Making the Best Mid-Autumn Recipe – Mooncakes

For weeks leading up to the Mid-Autumn festival every year, mooncakes and festival snacks abound. Many of these products were produced weeks ago and imported from places across the globe. If you’re living in the United States, finding fresh products to celebrate this year’s Mid-Autumn festival can be very difficult. Whether you’re celebrating with family and friends, or just looking for some good, traditional Chinese fare, stick around for some Mid-Autumn recipes and tips.

Background

Traditionally celebrated on the 15th day of the eighth month of the Chinese calendar, the Mid-Autumn Festival is a major holiday across China, Taiwan and Vietnam and is rife with traditions and history. As could be expected, food plays a major role in this autumn holiday.

Traditional Foods

One of the most visible and traditional Mid-Autumn recipes on display is often the mooncake. While many varieties exist, traditional mooncakes have a soft outside crust with a sweet, dense filling in the center. Other foods that are enjoyed during this time are things like pumpkin and taro to bring good health and good luck respectively. Other foods include wine with osmanthus flower and river snails, each of these are also tied to lore bringing happiness and bright eyes to those who consume them during the festival.

Simple mooncakes

Making mooncakes along with other Mid-Autumn recipes can be quite a challenge without access to traditional ingredients or mixes. In order to easily make this recipe, stopping by an Asian grocery will help speed up the process. Try to pick up ingredients like golden syrup, alkaline water, melon seeds, along with whatever fillings you’re considering for your traditional mooncakes. Another thing that should be picked up at any Asian market is a mooncake mould. They come in a variety of shapes and designs, so pick a few that could add a pleasant variety to your display.

Once you have picked up your ingredients, it’s time to make the filling and dough. For the filling to do ratio, consider this ratio 7 parts filling: 3 parts dough. That should give you an idea of how much to make when planning different types of filling.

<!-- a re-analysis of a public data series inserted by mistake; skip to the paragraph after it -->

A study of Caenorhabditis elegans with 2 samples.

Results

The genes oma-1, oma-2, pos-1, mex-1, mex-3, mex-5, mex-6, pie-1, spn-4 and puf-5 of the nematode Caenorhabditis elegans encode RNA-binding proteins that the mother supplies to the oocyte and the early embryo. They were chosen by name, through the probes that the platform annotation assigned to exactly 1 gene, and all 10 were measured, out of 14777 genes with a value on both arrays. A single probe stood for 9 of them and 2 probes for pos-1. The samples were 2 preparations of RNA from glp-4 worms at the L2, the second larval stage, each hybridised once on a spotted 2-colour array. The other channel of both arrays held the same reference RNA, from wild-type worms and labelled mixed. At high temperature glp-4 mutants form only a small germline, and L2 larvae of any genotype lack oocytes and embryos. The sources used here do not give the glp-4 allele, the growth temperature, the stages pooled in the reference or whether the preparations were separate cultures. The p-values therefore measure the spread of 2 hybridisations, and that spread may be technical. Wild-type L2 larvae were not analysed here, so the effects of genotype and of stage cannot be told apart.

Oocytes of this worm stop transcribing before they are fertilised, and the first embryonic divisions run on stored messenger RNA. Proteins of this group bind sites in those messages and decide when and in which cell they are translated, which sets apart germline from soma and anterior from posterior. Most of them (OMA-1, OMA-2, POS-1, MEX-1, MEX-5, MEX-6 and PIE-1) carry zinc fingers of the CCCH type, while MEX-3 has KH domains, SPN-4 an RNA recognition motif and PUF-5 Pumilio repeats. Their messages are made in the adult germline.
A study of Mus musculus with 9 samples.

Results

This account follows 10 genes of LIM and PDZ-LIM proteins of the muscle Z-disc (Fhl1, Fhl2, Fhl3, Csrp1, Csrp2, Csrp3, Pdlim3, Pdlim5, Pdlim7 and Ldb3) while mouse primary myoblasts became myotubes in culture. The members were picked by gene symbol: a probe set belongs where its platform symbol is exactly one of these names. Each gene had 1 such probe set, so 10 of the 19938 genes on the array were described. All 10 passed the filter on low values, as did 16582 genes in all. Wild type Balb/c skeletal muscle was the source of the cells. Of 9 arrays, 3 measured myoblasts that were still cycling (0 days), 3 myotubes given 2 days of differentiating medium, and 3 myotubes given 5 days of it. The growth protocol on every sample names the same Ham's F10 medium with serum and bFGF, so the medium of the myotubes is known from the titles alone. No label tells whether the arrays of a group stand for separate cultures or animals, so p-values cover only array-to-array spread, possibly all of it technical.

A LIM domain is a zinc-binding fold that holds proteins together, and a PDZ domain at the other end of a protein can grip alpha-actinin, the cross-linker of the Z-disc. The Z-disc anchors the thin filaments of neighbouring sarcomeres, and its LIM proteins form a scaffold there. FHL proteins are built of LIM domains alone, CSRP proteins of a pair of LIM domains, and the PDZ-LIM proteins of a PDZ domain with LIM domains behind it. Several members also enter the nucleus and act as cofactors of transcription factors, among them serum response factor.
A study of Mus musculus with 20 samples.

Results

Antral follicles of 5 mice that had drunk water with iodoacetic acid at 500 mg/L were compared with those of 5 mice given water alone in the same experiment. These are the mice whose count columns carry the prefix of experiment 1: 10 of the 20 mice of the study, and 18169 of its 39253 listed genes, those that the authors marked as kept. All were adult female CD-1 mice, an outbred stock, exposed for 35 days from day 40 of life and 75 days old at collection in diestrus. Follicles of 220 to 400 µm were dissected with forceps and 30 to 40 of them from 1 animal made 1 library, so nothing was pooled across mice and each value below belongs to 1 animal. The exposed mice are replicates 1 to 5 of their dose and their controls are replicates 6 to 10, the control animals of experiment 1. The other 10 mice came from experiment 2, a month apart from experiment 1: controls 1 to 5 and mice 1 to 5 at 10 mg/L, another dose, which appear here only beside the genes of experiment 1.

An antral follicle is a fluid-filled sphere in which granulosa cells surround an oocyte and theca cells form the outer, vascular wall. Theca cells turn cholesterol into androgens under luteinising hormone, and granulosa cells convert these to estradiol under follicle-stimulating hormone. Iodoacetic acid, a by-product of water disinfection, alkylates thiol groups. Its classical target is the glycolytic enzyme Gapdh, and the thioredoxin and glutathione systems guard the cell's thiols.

Filling (feel free to make your own variations):

· 14 oz. (400g Package) Lotus Seed Paste

· 1.5 oz. (around 40g) Melon Seeds

Dough:

· 1 Cup All-Purpose Flour

· 1 / 2 Tsp Alkaline Water

· 5 Tsp Vegetable Oil

· 5 Tbsp Golden Syrup

To make the dough, first mix together the alkaline water with syrup. Stir in the oil and mix until they are completely blended. In a separate bowl, add the flour and make a well where you will stir in the syrup mixture. Mix the dough until it forms a loose dough. From there, knead and shape the dough into a round ball and wrap in plastic wrap. Let this dough refrigerate for at least two hours.

While the dough is resting, mix together the lotus seed paste and the melon seeds. Separate the mixture into two tablespoon portions and shape into balls. Set the balls of filling aside for later.

Preheat the oven to 350 degrees Fahrenheit. Divide the dough into.5oz portions and shape into a ball. Roll each ball into a small disc with some flour about two inches in diameter. Place a ball of filling in the center of the dough and shape into a ball and dust well with flour. Add the ball to the mould and press out the mooncake. Add to a baking sheet. Spray them lightly with water to prevent cracking and bake for 10 minutes. Remove from the oven and let them stand on the baking sheet for ten minutes before moving them. Make a quick egg wash and cover the mooncakes before returning them to the oven for another 15 minutes. Remove the mooncakes and let them cool.

While other traditional foods exist, there are no more quintessential Mid-Autumn recipes than the mooncake. Grab some traditional food and some friends and give thanks during this year’s festival. Impress your friends, coworkers and family by trying out some traditional Mid-Autumn recipes today! No matter where you are during the Mid-Autumn Festival, be sure to look up at the moon and think of those who are far and be thankful for all those you have near.